The Dubai International Financial Centre has formally launched its global venture studio initiative and entered into pacts with banks and venture companies that will help to attract more than Dh2 billion ($544.5 million) in venture capital.
The DIFC, one of the fastest-growing financial centres in the Middle East, Africa and South Asia region, on Tuesday signed corporate partnership agreements for its DIFC Launchpad with Mashreq, Commercial Bank of Dubai and global payments company Mastercard.
Venture studios build start-ups, taking them from the concept stage to launch, while also providing capital and guidance through the incubation period.
They also help start-ups to grow using internal capabilities and external support.
The DIFC has also tied up with Antler, BIM Ventures, Future labs and R/GA as studio partners that will provide venture-building expertise.
The financial centre, which first announced the venture in April 2022, expects more than 20 studios to set up in the DIFC, launch more than 200 ventures and create more than 8,000 innovation-focused jobs in Dubai.
These companies will include more than 100 scale-ups — a company with 10 or more employees that has had an average annual growth of 20 per cent over the past three years — and 10 that will be valued at more than $1 billion, it said at the time.
“We want to continue building the most comprehensive, the most supportive and the most enabling framework to help our firms succeed,” DIFC governor Essa Kazim told the launch event on Tuesday.
“By providing all the necessary support to develop, test and launch new start-ups, scale-ups and corporate ventures, the Launchpad will help change the way corporate and venture studios operate and scale up.”
Dubai aims to become a global centre for start-ups and scale-ups, and has introduced regulatory changes such as golden, green, freelancer and entrepreneur visas to support the ecosystem.
The emirate, which is home to 39 per cent of the Mena region’s scale-ups, accounted for about 57 per cent of scale-up funding in the region last year, according to a report by the Dubai Chamber of Digital Economy, Mind the Bridge and Crunchbase.
Mena scale-ups raised $9.1 billion, or 0.12 per cent of the region’s total economy, the report said.
The Launchpad initiative is in line with the DIFC’s 2030 strategy and the centre remains focused on developing the financial technology sector and innovation-focused companies.
“I am happy to share that these firms [in FinTech and innovation] have raised over $600 million in 2022 alone [in Dubai],” Mr Kazim said.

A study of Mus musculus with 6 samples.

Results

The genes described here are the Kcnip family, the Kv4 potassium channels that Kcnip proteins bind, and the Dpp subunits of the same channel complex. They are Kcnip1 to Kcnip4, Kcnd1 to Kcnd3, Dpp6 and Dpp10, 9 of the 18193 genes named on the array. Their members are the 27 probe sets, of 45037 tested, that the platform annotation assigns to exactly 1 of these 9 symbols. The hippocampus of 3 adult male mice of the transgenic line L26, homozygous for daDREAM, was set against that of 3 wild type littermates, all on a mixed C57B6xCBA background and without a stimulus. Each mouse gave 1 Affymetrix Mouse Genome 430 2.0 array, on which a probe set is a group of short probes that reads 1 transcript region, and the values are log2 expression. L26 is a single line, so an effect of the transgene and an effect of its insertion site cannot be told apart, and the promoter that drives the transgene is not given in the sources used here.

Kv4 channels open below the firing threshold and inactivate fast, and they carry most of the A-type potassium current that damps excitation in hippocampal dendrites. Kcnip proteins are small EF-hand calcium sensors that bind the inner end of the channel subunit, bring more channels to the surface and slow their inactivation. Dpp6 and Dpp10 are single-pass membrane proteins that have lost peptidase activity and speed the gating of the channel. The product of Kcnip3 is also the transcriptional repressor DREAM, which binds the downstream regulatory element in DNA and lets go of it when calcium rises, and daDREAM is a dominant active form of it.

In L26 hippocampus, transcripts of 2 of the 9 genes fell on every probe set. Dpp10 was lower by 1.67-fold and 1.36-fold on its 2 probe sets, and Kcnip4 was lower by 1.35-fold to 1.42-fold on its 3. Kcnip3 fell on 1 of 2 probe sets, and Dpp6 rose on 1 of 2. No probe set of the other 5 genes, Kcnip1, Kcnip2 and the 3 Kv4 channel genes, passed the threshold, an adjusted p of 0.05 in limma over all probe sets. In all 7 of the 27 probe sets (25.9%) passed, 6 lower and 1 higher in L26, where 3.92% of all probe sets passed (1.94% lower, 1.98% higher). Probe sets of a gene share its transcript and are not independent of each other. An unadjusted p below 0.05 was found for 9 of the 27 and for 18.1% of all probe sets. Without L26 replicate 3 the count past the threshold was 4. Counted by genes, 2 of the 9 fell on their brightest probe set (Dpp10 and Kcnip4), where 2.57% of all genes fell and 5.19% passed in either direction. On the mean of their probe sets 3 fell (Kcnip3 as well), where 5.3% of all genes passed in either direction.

“The sector is also the fastest growing in DIFC, with 291 new FinTech and innovation firms joining us last year, representing a 36 per cent increase year on year, taking the total to 686.”
The DIFC has already broken ground on a 13,935-square-metre building that will house the Launchpad team who will work alongside corporate sponsors, investors and the ventures they help to create.
Part of the Launchpad offering will be a research living lab that will support thought leadership and research to seek new opportunities and produce data and insights for future business models, laws and regulations, it said in April last year.
“Through DIFC Launchpad, we have the ability to catalyse the digital transformation of the financial sector in our country and around the world,” said Mashreq chairman Aziz Al Ghurair.
“We can help scale up and accelerate the creation of unicorns to create the spirit of entrepreneurship that is essential for this country’s sustainable economic development.”
Unicorns are start-ups with a valuation of $1 billion or more.
The DIFC, which is further expanding its Innovation Hub, is also streamlining a “robust and agile regulatory environment for growth”, a move that is key to the centre’s “journey to success”, Mr Kazim said on Tuesday.
The centre recently announced its legislative framework for venture building.
The new rules will support the ease of doing business within the venture studio model, with “operational measures to enable the incubation of new business ideas, sponsorship for entrepreneurs and reduced costs for the scaling [up] of new businesses”, he said.
“The new regulations will also provide certainty for how venture studios, entrepreneurs and spin-off entities engage with each other and the wider market.”